New Orleans En Vogue

Not so very long ago, Paste ran a feature listing five great tribute albums devoted to the city and musical legacy of New Orleans– pulling off the neat trick of highlighting one of my own favorite musical trends of 2010 and supporting their argument with a completely separate set of examples than I might have picked. There have, to be sure, been a number of ambitious compilation albums celebrating New Orleans’ musical legacy, many of them pitched as straightforward, post-Katrina charity projects. And a lot of those records are pretty good.

My favorite Crescent City celebrations of the last year or so, though, have been a little less directly socially- and politically-tilted, instead simply celebrating the city and its musical past and present, their homage not explicit but inherent. So I’ve come up with a short list of my own: Six reasons why New Orleans is shining as bright and ever in 2010– and why the city’s music still inspires.

Trombone Shorty and the Galactic crew
To some extent these are interchangeable; Galactic released a new album called Ya-Ka-May in February which featured Shorty’s dynamite playing, and he released his own record as a bandleader a few months later, produced by Galactic’s Ben Ellman. On their own, the two albums are both dynamite, sharing the same Mardi Gras spirit and line-music festivity, the same metallic sheen but soulful center; together, they paint a picture of a city whose music scene is always looking forward. If you think New Orleans’ musical legacy begins and ends at Preservation Hall, think again; there’s music here– “sissy” rappers and bounce, mind-boggling fusions of jazz, pop, funk, and hip-hop– that, unless you’re a local and are especially hip to their scene, is probably like nothing you’ve heard before.

Dr. John
At the other end of the spectrum, here’s a man who embodies– more than anyone alive, perhaps– the musical heritage of New Orleans. And his latest, called Tribal, is a wonderfully complete synthesis of John’s trademark smooth soul and R&B, late-night funk and rock and roll swing. It’s a monument to the man, Dr. John, and to the city that inspires him– spiritual homage, musical history, wonderfully alive and in-the-moment recording.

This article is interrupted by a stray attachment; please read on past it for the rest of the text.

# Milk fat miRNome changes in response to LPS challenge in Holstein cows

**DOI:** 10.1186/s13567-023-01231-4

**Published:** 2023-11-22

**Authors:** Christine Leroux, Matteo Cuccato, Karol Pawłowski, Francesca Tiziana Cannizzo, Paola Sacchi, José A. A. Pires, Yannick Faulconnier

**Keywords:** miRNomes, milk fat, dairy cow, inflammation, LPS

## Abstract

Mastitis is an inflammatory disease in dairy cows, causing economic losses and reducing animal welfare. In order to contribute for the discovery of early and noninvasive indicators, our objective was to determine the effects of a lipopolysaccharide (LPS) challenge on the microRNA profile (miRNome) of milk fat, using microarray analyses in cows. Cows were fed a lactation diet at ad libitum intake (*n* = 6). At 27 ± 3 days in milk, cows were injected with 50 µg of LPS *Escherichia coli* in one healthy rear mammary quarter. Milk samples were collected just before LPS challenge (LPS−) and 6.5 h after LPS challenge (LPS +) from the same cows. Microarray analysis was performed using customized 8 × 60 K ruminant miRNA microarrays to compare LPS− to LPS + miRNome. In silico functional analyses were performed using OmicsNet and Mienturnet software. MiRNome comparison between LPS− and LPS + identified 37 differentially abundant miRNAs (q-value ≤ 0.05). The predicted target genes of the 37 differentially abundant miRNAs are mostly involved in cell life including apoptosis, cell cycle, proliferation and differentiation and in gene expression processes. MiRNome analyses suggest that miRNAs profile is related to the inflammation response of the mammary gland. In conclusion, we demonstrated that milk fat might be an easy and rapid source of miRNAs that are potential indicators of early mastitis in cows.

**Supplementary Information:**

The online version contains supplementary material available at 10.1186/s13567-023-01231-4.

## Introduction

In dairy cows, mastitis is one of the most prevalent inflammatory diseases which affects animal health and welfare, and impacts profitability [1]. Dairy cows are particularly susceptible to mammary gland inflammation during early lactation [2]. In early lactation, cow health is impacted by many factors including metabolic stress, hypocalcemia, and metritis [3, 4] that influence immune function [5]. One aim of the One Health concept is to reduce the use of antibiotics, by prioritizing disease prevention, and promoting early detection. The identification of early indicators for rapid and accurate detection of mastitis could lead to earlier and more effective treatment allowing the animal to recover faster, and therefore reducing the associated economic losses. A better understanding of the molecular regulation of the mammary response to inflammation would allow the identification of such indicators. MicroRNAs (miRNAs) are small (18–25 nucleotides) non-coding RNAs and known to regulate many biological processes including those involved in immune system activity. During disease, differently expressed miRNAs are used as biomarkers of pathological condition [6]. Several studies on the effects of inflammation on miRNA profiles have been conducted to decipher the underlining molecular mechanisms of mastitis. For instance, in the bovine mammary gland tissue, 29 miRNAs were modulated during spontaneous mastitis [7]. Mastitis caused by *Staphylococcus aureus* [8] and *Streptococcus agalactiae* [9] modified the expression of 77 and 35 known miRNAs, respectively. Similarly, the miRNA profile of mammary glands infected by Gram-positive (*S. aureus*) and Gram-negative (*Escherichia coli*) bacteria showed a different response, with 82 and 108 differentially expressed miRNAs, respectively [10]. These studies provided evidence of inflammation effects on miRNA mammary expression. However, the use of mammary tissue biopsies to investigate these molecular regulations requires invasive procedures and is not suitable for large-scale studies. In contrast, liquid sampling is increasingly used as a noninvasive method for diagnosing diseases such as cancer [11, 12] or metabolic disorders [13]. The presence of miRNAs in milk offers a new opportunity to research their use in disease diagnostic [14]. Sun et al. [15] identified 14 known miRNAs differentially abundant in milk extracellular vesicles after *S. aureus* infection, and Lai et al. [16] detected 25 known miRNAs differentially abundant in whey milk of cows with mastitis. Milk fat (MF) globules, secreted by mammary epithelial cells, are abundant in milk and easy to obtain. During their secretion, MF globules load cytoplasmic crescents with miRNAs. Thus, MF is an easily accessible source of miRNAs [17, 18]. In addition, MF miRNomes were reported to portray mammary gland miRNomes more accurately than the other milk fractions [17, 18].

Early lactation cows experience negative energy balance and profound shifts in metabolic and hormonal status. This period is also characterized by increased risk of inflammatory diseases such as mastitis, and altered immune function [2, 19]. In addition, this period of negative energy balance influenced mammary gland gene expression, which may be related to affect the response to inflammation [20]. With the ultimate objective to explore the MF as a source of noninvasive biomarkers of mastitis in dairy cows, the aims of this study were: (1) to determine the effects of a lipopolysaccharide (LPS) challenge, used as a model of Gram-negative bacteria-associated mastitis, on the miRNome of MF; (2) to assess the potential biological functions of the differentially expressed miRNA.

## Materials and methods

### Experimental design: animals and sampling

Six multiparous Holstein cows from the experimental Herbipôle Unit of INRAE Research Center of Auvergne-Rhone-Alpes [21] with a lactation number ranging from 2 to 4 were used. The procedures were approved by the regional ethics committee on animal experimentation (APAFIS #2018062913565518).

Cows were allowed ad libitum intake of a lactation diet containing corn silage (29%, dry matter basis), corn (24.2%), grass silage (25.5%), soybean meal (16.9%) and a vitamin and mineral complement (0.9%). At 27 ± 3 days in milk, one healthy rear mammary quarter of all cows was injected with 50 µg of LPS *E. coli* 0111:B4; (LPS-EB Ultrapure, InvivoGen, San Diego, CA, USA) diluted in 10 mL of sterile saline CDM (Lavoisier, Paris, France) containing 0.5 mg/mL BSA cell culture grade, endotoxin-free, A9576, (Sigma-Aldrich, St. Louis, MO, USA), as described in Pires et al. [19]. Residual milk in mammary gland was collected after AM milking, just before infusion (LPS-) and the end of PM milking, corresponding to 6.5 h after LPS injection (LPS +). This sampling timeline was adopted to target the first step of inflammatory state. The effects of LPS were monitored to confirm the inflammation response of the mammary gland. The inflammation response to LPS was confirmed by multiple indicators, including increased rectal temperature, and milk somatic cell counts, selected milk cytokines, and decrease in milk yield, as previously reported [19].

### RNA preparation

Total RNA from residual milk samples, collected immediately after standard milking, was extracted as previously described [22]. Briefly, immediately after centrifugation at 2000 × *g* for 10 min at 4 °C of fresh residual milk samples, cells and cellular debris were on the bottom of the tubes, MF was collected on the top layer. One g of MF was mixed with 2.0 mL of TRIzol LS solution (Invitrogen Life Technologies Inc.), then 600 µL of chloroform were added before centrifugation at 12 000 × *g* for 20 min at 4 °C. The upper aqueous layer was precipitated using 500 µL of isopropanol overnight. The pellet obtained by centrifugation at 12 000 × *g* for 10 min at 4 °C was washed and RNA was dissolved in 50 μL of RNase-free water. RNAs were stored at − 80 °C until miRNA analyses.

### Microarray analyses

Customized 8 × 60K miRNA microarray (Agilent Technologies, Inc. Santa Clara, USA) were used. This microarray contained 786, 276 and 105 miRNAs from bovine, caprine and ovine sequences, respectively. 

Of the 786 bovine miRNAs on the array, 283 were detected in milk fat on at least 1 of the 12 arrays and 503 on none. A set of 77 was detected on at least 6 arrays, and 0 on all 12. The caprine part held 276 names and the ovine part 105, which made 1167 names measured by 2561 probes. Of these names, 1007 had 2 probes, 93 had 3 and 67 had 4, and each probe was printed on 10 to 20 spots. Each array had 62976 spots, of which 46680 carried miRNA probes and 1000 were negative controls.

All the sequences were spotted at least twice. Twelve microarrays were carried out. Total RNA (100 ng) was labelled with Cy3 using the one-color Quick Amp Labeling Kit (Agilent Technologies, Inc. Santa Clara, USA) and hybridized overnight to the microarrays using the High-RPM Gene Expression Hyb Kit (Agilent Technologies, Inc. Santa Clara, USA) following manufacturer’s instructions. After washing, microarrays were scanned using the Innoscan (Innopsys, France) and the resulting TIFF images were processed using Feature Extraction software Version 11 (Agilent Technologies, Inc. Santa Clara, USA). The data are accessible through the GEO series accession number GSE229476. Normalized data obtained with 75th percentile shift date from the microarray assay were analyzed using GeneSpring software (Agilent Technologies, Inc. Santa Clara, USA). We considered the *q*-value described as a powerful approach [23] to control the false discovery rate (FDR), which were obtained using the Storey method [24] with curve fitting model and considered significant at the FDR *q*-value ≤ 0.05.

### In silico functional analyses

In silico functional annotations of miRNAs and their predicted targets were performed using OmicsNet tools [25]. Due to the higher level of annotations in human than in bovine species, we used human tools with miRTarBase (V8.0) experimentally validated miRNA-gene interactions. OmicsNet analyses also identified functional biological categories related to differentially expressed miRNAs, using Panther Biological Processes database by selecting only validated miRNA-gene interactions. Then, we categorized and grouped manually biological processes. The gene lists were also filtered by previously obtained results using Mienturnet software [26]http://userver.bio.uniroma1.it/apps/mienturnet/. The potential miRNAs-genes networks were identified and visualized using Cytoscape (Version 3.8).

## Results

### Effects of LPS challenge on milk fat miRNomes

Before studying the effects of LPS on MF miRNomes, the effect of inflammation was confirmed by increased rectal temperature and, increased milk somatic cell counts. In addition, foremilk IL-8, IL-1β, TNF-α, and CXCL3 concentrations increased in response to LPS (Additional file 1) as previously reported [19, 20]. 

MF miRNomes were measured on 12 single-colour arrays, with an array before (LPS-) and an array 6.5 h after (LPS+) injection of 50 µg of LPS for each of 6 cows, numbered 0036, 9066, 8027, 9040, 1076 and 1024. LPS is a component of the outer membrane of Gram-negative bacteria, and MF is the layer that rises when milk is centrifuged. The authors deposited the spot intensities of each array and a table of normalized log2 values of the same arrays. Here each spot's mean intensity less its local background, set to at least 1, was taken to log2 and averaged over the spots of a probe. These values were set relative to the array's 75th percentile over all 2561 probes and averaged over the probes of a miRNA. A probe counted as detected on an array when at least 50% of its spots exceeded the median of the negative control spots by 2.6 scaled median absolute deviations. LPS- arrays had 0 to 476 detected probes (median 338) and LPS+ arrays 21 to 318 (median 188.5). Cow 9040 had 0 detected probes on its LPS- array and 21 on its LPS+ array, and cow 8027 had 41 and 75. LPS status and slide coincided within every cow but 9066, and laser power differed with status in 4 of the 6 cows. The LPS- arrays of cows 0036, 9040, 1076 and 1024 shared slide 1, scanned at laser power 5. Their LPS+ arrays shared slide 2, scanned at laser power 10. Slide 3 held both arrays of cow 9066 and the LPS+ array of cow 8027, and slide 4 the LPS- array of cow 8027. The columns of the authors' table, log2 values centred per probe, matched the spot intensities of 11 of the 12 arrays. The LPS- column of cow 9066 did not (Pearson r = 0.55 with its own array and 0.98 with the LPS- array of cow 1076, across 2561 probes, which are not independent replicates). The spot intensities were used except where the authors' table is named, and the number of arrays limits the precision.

Allen Toussaint
Ever since his post-Katrina collaboration with Elvis Costello— the tremendous, Joe Henry-produced The River in Reverse— Toussaint has become the patron saint of New Orleans music. He’s appeared as a featured musician on both the Galactic and Trombone Shorty albums this year, and brought a certain New Orleans flavor to the latest album from Cyndi Lauper. And his songs have appeared on– yep– Trombone Shorty’s album, but also Mavis Staples’ and Dr. John’s.

Treme
David Simon’s New Orleans-set HBO drama has done more than a little to elevate the standing of the city’s music scene in the broader culture; and if there’s any doubt about the communal nature of said scene, would you believe that an episode of the show features cameos from Costello and Toussaint, recording The River in Reverse? Or that the soundtrack album– due later this month, and featuring an outstanding of of traditional, spirited Crescent City brass and roots music– features contributions from not only some of the show’s cast members, but also Dr. John, Allen Toussaint, and Trombone Shorty?

Aaron Neville
The R&B legend turns toward old spirituals and gospel numbers for his latest, I Know I’ve Been Changed— but he also turns toward his New Orleans roots, recruiting– who else?– Allen Toussaint to anchor the studio band on a sturdy upright piano. The songs often sound like they could have been cut live on a Sunday morning in an old Baptist church, but Toussaint brings a bit of swing to the proceedings. Joe Henry produced this excellent set– and speaking of which…

Joe Henry
Henry seems as responsible as anyone in bringing Toussaint back into the public eye. He produced the Neville album, too, and is currently working on a New Orleans blues album with Hugh Laurie. Rumor has it a few of the city’s musical pioneers will show up to play along– and don’t be surprised if that includes a few names that are featured elsewhere on this list.